Stocks ended the day higher, concluding on the upswing a session with mixed corporate news, as positive comments from AOL Time Warner and Bear Stearns, among others, carried the day.
"Not all the news out there is negative, or at least not as negative as people had feared," said Steve Fossel, a portfolio manager for Berger Associates, which oversees $8 billion.
AOL Lifts Media Stocks
Internet and media giant AOL Time Warner Inc. boosted media stocks after AOL's chief executive told Reuters at a conference in France that advertising revenues were stabilizing and the company remains on track to meet its 2001 financial targets. The stock rose $2.96, or 5.9 percent, to $52.80.
Bear Stearns, one of Wall Street's top firms, said its second-quarter operating earnings fell 21 percent from last year's near-record levels, but beat expectations as a strong bond market helped limit the damage from the beating meted out to its investment banking and stock trading. The stock gained $1.77, or 3.3 percent, at $55.13.
Leading the bad news was Tellabs. The telecommunications equipment maker fell $5.16, or 24.3 percent, to $16.04, after warning it would miss Wall Street earnings estimates by a wide margin due to a big drop in sales.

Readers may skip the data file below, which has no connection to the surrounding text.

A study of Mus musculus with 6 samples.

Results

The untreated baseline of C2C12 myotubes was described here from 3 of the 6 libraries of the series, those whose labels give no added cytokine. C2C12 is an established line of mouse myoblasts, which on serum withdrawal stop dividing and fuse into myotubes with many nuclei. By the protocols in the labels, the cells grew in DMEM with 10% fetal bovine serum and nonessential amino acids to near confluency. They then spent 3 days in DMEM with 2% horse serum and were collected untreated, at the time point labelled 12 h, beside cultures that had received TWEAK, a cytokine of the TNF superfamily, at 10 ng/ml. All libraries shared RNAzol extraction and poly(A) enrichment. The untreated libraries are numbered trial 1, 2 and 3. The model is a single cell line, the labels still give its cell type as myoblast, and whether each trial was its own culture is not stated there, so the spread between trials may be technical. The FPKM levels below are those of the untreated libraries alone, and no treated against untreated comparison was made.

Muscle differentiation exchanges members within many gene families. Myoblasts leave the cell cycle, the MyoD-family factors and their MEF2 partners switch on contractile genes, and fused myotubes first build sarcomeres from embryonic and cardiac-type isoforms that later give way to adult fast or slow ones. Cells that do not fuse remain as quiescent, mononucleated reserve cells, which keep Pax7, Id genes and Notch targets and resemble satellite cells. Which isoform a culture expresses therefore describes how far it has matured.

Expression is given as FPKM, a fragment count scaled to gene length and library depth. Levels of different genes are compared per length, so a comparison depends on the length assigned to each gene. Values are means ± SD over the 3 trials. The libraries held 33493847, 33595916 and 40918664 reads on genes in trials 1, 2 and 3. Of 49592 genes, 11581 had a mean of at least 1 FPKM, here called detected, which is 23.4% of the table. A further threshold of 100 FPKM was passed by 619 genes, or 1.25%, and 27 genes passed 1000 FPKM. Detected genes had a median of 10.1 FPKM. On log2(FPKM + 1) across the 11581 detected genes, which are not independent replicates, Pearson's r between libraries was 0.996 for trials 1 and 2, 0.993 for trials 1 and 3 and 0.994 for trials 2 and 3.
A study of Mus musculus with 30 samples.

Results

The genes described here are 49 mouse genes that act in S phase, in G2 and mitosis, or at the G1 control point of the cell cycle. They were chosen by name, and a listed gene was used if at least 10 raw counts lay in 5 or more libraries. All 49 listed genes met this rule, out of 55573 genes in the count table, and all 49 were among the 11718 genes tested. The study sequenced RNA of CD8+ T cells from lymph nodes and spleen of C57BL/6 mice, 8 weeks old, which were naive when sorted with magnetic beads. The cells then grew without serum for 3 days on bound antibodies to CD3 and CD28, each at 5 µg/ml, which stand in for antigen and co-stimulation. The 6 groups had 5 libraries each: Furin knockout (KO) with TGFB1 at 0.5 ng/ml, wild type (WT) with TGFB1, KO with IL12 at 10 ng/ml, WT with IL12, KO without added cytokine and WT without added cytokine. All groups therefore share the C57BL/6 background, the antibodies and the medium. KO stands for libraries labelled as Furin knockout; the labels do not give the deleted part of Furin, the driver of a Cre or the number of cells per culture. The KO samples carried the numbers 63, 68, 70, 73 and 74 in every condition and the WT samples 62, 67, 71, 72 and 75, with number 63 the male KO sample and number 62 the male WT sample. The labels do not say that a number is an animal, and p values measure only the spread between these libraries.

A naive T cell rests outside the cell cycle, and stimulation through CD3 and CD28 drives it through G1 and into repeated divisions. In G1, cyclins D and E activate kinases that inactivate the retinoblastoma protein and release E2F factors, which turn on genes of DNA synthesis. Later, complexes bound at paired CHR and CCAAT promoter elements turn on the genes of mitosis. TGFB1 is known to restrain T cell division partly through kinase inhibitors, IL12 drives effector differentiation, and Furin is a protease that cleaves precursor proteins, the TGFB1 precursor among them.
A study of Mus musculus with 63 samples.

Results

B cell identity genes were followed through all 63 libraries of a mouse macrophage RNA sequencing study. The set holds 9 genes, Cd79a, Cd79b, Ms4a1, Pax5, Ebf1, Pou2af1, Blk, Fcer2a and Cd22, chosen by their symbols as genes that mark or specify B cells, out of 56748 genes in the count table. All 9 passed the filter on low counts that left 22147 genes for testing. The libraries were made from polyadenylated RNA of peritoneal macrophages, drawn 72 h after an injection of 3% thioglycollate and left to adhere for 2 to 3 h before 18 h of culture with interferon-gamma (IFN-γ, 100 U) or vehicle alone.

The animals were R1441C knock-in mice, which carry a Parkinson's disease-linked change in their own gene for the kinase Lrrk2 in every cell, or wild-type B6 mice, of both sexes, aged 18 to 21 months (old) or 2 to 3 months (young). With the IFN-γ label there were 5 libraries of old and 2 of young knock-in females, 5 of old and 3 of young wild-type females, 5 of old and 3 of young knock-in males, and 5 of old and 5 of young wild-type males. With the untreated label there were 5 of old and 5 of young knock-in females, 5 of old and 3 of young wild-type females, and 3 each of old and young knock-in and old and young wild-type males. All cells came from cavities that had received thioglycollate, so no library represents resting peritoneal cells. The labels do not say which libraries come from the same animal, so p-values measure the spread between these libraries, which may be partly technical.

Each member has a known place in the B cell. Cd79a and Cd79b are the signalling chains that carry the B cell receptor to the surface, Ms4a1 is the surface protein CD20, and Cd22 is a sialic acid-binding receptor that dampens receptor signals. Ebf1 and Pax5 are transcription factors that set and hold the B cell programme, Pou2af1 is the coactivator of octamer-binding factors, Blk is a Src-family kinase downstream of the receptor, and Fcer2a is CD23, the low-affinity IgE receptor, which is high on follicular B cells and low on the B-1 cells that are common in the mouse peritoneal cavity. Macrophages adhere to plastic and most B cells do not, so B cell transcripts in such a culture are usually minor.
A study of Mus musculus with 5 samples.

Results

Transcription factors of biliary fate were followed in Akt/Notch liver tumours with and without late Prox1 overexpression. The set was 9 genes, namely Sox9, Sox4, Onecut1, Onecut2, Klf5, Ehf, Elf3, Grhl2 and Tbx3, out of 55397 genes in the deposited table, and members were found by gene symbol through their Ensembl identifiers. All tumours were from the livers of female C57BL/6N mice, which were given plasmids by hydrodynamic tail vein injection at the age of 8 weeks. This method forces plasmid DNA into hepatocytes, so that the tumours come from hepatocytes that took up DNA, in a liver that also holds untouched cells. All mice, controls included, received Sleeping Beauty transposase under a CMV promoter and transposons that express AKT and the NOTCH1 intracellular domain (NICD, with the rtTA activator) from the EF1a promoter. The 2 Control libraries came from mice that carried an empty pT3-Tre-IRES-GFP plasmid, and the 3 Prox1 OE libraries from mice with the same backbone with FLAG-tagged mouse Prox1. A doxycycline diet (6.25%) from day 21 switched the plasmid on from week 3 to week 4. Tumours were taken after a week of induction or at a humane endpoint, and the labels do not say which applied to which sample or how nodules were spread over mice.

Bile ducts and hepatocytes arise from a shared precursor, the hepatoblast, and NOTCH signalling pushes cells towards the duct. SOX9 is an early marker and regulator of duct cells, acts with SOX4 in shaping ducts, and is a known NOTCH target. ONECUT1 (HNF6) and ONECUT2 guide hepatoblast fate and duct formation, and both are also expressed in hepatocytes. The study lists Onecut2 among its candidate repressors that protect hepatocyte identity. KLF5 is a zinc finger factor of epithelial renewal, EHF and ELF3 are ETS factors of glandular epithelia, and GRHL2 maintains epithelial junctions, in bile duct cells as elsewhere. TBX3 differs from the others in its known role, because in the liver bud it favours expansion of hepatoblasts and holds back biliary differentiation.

On Tuesday, Oracle's profit announcement provided a brief reprieve from the recent parade of grim earnings forecasts that have pummeled Wall Street. It was not enough to wipe away jitters completely, however, and by late afternoon, the rally had lost steam amid persistent worries about America's corporate profit meltdown.
The Nasdaq composite index initially jumped more than 3 percent but finished with a gain of just 4.03 points, or 0.2 percent, at 1,992.66. The tech-heavy market broke its first seven-session losing streak since December, 2000, according to MarketHistory.com.
The blue chip Dow Jones industrial average fell 48.71 points, or 0.46 percent, to 10,596.67, pressured by a drop in Honeywell.
The Standard & Poor's 500 Index clung to a slim gain of 4.15 points, or 0.34 percent, at 1,212.58.